Behind the scenes of the Lehigh Valley Auto Show – WFMZ Allentown

Posted: Thursday, March 23, 2017

BETHLEHEM, Pa. – The Lehigh Valley Auto Show begins Thursday and runs until March 26th on Lehigh University’s Goodman Campus. But the planning of the annual event is year-round, and involves complicated and time consuming work behind the scenes that attendees likely never realize.

About three months of the year, the Greater Lehigh Valley Auto Dealers Association’s time is dominated with planning the event.

“From mid-December, until the show is over, it’s 100%,” said Tom Kwiatek, Executive Director of the organization.

In fact, planning for next year has technically already begun.

“Many exhibit houses who represent manufacturers have emailed me asking about 2018 dates,” said Kwiatek. “In 2016, Toyota contacted us within 30 days of the show [ending] and asked how much it would cost to increase their space.”

It was Toyota’s request, in fact, that compelled Kwiatek to increase the size of the event this year, stretching to 130,000 square feet of space.

The tents used at the auto show present a logistical hurdle and represent the show’s biggest single cost. The setup begins eight to 10 days before the event. That puts a timely start to the show at the whim of the weather, because the load in cannot be done during a snowstorm. This year, for instance, was a close call because of the late season storm that struck the area, but Lehigh University removed the snow in time.

Another year, a snowstorm on the Friday of the show forced them to close down at 2 p.m. that day so snow could be removed from the roof of a tent after a generator malfunctioned.

Those are problems the Auto Show would not contend with if it could be held indoors.

“Ideally they are done in large convention centers,” said Kwiatek.

The amount of space the Auto Show needs makes Lehigh’s grounds the logical choice.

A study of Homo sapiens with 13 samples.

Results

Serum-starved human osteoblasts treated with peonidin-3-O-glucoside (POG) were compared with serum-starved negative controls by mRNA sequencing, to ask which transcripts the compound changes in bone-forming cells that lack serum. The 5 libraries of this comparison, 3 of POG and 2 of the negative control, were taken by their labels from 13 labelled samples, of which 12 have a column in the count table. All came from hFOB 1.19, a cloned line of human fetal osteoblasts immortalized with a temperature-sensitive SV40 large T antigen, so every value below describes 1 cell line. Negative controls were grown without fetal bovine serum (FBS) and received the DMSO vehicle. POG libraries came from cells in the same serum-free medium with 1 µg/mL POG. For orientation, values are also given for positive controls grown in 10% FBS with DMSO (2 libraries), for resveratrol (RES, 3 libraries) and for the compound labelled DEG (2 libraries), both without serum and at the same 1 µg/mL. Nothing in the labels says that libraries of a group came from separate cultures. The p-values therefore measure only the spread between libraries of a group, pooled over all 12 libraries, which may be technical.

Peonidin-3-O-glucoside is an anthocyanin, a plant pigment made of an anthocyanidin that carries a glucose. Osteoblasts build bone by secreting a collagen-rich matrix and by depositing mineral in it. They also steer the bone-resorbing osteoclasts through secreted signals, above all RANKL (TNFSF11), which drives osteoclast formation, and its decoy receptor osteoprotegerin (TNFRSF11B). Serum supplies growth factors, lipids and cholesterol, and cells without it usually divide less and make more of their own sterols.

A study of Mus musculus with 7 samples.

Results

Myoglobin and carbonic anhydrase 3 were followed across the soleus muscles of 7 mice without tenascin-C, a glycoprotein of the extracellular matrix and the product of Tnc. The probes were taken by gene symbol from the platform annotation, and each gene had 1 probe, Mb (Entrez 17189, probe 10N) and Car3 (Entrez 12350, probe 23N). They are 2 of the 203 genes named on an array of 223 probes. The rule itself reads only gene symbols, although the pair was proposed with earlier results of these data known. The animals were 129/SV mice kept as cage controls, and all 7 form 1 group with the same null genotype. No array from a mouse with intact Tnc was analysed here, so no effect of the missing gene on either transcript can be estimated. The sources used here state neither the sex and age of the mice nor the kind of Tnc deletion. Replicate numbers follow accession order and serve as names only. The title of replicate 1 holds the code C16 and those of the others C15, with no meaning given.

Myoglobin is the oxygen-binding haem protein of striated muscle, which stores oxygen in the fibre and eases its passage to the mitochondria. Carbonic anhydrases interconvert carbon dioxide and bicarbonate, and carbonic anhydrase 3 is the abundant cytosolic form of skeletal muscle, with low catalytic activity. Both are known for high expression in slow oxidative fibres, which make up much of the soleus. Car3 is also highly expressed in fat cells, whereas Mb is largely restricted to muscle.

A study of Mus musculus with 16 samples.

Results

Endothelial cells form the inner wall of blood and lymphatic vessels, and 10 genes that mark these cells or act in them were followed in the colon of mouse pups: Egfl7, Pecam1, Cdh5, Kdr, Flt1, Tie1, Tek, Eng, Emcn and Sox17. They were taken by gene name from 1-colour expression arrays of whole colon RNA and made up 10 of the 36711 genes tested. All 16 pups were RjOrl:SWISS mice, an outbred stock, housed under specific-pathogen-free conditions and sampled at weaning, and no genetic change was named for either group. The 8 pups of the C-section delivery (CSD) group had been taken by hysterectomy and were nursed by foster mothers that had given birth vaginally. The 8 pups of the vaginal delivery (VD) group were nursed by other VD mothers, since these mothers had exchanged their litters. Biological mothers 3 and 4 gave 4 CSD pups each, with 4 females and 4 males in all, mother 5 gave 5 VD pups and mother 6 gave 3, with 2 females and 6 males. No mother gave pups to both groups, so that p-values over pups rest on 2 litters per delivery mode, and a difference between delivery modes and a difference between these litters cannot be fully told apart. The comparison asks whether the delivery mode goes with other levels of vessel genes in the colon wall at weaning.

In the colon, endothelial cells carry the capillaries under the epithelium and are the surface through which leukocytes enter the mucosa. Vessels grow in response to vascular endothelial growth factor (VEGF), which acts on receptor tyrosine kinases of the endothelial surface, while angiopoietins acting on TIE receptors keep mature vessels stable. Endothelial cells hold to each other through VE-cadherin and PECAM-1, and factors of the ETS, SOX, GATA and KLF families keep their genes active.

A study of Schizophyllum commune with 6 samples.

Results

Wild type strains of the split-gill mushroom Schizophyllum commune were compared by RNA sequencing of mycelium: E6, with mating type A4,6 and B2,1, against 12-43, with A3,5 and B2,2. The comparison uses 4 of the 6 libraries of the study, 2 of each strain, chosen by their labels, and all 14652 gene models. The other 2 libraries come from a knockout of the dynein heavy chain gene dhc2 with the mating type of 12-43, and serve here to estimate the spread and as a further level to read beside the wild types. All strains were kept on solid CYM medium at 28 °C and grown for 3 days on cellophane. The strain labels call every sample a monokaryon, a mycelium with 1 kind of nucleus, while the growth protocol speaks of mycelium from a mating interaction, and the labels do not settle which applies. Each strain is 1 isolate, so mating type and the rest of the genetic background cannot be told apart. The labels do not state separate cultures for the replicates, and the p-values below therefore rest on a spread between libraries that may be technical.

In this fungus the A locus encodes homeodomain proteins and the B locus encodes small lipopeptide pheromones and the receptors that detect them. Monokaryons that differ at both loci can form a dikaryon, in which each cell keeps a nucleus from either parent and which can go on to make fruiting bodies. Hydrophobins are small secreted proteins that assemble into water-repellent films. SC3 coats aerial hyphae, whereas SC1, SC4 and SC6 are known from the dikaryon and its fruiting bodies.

“They are the only location in the Lehigh Valley who can give me 130,000 square feet,” he said. “If you build a 150,000 square foot convention center I’ll sign a 20-year contract.”

About 50,000 people are expected to attend, with about 300 vehicles on site. Like any event of this magnitude, the Auto Show deals with plenty of unexpected problems that give the organizers headaches. Just Wednesday, BMW dropped its cars off at the event and did not leave all the keys.

Another year, a luxury dealer brought his vehicles into the venue with full tanks of gas and the batteries attached, both of which violate the rules enforced by the fire marshal. The mistake forced Kwiatek and his team to remove the cars and drive them around the area until the tanks were down to one quarter full. That may not sound like a big problem, except that they needed to move half the cars in the already filled-to-capacity room in order to do it. Nevertheless, Kwiatek said last year was “the smoothest operational show” they have done.

Visitor surveys reveal some surprises in terms of who attends the event. The list is dominated, of course, by residents of the Lehigh Valley and the immediate surrounding areas. But occasionally, people from Ohio, New York or Washington, D.C. come to the show. Most of the people, Kwiatek believes, are already in town on a visit.

“Generally, we don’t think they’re making the trip,” he said.

But there are some who indeed come from several hours away specifically to attend.

“They like our show. They say it’s more customer friendly,” said Kwiatek. “Some of the larger metropolitan shows you literally are a number.”

A preview gala for the show will be held Wednesday night to benefit Lehigh Valley Health Network’s Children’s Hospital.

The main Auto Show runs from March 23rd to March 26th. Admission is $10 for adults and $7 for kids and senior citizens.